Jul 3, 2019

"A growing, and likely irreparable, rift between elite progressive environmentalists," Forbes tells us. "Environmentalists need to reconnect with blue-collar America," The Hill explains. "Labor anger over Green New Deal greets 2020 contenders in California," Politico reports. "AOC's Green New Deal could have Dems facing blue-collar backlash at polls, some say," a Fox News headline reads.

One of the few times corporate media cares what "American labor" has to say is when they’re using them as wedge against other elements of the Left, namely environmentalists and activists calling for urgent solutions to climate change. The narrative they’re reinforcing: a broadly assumed––but largely baseless––premise that climate change is a boutique issue for wealthy liberals that real working people don’t care about.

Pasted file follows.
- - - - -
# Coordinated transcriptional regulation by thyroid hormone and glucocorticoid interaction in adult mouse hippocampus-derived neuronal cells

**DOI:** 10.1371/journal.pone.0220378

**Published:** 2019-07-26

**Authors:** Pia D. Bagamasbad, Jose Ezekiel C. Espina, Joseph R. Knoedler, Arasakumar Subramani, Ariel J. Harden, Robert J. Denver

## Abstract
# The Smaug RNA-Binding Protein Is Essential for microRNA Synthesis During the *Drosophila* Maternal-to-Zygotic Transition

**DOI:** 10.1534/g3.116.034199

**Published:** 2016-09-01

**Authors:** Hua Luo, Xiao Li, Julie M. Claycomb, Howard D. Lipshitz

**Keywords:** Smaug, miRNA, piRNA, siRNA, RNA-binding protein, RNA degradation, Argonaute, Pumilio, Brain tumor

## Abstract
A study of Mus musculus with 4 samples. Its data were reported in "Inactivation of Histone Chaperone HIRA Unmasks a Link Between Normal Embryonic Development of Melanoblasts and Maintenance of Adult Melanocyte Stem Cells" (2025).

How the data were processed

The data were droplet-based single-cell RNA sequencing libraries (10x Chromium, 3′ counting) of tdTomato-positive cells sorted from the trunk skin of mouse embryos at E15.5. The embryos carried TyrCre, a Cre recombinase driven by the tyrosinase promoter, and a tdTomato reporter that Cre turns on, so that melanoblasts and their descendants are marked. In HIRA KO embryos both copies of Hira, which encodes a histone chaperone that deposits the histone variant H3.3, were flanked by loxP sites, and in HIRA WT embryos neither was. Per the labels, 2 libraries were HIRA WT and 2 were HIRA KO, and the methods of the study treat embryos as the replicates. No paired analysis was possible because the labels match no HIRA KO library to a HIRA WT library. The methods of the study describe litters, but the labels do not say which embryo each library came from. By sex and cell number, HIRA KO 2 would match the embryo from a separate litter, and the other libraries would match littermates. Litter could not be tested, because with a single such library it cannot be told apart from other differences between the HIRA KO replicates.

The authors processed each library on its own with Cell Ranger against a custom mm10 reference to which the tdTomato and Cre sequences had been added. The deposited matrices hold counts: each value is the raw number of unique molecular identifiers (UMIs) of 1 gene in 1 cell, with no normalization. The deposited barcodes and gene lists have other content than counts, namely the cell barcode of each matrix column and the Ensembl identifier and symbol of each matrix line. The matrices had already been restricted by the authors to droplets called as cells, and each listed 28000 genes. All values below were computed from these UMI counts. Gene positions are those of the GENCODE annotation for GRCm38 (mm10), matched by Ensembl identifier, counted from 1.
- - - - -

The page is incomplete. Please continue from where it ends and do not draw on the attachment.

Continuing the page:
For a media that still largely views the working class as a white-man-with-a-hard-hat caricature, this fits into a nice binary that undermines both efforts to take on fossil fuel companies and improve the lives of workers. But who does the false dichotomy serve? How does the media highlight and misconstrue real points of tension to undermine both groups, and what can activists do to resolve good faith differences without playing into power-serving “hardhats vs. hippies” cliches?
And what do we mean when we say “labor”? How do workers drowning in the South Pacific or displaced in South Sudan factor into our notion of what’s at stake in the "labor vs. environmentalist" debate about climate change?

We are joined on this episode by writer and editor Michelle Chen.